Saturday August 14, @2pm – 4pm Marquette Park
Saturday August 21, @2pm Jackson Park
Saturday August 28, @2pm Garfield Park

LOCATION: stationary locations

Before & After: Mending a Life

We invite you to bring an item of clothing (or two) or household textile item that is in need of mending.  From holes in socks to button replacement, torn seams to hems (no zippers please!), we will mend together.

About Cathi Schwalbe:

Born and raised in Wisconsin – in a 130 yr old+stone house. Schwalbe came from a family of 9 children– most, comfortable using their hands and is Chicago resident for nearly 40 years.

Schwalbe completed a BFA with a sculpture concentration at UW Milwaukee in 1983.  Took additional classes at Artist Bookworks, Columbia College for the Book and Paper Arts, Lillstreet Art Center, and Chicago Industrial Arts and Design Center.

Schwalbe’s capability to work part time as a Recreation Therapist/Consultant, in 1998, following graduate coursework in Recreation Therapy, aided in her ability to create a more solid art practice.  As with many, Schwalbe will be shifting her life and reorganizing priorities in a post(ish) pandemic world, and putting both feet into her art practice.

Schwalbe is a maker of objects and creator of experiences that may include mixed media, sculpture, found objects, bronze & iron, installation & site specific works all centered around issues and aesthetics related to food systems, water, agriculture, and being human.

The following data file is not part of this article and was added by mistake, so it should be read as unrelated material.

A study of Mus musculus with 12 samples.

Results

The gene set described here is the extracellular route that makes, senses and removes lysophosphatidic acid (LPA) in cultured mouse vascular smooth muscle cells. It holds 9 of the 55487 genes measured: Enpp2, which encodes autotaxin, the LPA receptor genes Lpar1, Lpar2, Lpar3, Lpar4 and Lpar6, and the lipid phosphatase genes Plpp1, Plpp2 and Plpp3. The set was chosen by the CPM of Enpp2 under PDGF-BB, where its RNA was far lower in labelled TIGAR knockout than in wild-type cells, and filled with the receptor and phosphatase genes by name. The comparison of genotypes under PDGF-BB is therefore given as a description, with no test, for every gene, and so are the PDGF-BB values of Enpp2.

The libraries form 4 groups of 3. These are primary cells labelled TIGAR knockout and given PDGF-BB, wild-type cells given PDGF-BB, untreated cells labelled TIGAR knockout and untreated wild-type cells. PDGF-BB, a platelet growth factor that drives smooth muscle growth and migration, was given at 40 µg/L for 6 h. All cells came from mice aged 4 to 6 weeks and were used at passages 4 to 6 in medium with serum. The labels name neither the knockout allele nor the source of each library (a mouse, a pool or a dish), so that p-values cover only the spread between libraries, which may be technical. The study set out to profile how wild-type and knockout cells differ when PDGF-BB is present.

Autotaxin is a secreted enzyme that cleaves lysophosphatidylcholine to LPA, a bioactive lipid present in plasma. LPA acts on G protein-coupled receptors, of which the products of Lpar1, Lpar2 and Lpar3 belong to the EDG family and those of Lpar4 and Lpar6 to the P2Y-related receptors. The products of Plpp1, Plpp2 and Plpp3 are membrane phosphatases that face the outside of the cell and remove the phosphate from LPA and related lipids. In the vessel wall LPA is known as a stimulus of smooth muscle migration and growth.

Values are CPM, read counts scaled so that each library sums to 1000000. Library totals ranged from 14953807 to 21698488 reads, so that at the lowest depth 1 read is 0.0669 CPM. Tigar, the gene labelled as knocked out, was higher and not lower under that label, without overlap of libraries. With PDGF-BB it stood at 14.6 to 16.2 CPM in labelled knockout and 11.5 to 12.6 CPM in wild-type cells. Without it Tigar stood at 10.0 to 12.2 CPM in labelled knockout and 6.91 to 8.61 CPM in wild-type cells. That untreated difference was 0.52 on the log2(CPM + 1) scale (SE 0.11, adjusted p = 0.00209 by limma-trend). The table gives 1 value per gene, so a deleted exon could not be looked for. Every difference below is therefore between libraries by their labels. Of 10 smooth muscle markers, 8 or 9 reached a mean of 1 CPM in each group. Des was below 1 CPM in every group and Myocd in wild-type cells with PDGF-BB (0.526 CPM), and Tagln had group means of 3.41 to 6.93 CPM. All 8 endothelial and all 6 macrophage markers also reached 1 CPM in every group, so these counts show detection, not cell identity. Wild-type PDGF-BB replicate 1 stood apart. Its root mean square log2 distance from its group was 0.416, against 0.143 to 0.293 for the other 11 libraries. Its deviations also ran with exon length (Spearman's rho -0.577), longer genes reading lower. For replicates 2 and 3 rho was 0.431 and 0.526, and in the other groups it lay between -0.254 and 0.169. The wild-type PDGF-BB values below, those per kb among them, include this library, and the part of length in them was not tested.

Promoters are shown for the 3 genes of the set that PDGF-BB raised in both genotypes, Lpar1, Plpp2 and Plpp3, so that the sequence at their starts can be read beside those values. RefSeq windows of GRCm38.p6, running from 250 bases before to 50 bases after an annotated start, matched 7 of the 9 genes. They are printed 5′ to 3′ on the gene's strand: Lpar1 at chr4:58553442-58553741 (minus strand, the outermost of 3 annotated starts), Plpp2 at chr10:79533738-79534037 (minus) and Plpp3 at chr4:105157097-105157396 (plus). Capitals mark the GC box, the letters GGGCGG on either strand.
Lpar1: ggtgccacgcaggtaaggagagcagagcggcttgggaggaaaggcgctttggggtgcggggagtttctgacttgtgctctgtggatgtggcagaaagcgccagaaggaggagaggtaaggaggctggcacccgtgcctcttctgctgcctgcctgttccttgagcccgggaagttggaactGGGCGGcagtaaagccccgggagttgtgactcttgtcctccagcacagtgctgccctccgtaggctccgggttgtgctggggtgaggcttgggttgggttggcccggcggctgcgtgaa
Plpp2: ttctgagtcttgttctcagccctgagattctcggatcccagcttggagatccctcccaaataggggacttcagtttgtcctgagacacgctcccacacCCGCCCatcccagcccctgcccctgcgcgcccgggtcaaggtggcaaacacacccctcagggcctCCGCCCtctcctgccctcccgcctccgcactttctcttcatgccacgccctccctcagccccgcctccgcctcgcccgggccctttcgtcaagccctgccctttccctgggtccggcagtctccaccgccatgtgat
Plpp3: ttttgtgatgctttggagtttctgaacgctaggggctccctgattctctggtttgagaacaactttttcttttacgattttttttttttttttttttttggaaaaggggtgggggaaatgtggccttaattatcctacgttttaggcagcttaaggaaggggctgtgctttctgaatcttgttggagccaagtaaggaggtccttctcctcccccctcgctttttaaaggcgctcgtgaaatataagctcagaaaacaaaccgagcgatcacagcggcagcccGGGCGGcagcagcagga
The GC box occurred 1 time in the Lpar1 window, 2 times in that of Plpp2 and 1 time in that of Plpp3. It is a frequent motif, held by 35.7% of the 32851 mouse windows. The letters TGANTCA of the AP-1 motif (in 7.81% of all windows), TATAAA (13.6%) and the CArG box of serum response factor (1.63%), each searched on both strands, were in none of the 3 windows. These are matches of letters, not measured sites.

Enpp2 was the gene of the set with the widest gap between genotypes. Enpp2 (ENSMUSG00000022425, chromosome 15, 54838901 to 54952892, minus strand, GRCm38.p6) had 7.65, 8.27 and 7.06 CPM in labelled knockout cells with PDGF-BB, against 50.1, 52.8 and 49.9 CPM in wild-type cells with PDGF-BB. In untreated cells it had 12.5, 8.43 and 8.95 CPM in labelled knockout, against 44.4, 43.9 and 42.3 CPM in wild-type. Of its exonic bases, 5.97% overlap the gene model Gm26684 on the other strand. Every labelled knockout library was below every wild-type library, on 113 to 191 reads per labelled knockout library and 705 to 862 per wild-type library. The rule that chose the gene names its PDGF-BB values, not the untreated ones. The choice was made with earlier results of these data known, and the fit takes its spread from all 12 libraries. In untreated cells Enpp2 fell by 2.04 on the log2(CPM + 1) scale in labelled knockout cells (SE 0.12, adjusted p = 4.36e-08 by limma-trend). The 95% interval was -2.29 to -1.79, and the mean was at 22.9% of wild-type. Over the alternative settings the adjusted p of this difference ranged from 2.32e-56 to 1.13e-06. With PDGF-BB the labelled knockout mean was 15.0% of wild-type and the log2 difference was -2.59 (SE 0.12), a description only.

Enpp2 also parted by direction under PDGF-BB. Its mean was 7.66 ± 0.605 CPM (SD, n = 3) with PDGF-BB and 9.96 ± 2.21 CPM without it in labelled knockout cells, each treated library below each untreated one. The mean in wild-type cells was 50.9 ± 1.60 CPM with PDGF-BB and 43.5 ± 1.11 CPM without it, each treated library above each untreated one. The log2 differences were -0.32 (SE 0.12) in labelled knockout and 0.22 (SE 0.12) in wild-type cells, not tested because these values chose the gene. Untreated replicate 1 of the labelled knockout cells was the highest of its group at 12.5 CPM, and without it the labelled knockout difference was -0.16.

Schwalbe has Haptic Studios for more mixed media works and has been a long time member of Lillstreet Studios at Lillstreet Art Center, though she believes art happens where the artist is. She teaches a class in the Summer at Lillstreet called The Art of Food – the class evolves every year based on a theme related to food, art, and connection.

Schwalbe’s social practice works have been born out of the need and comfort with engaging people, and understood (now) as an overlap with her recreation therapy practice.

Schwalbe adheres to the Fluxus philosophy: “The distinction between Art and Life is irrelevant.”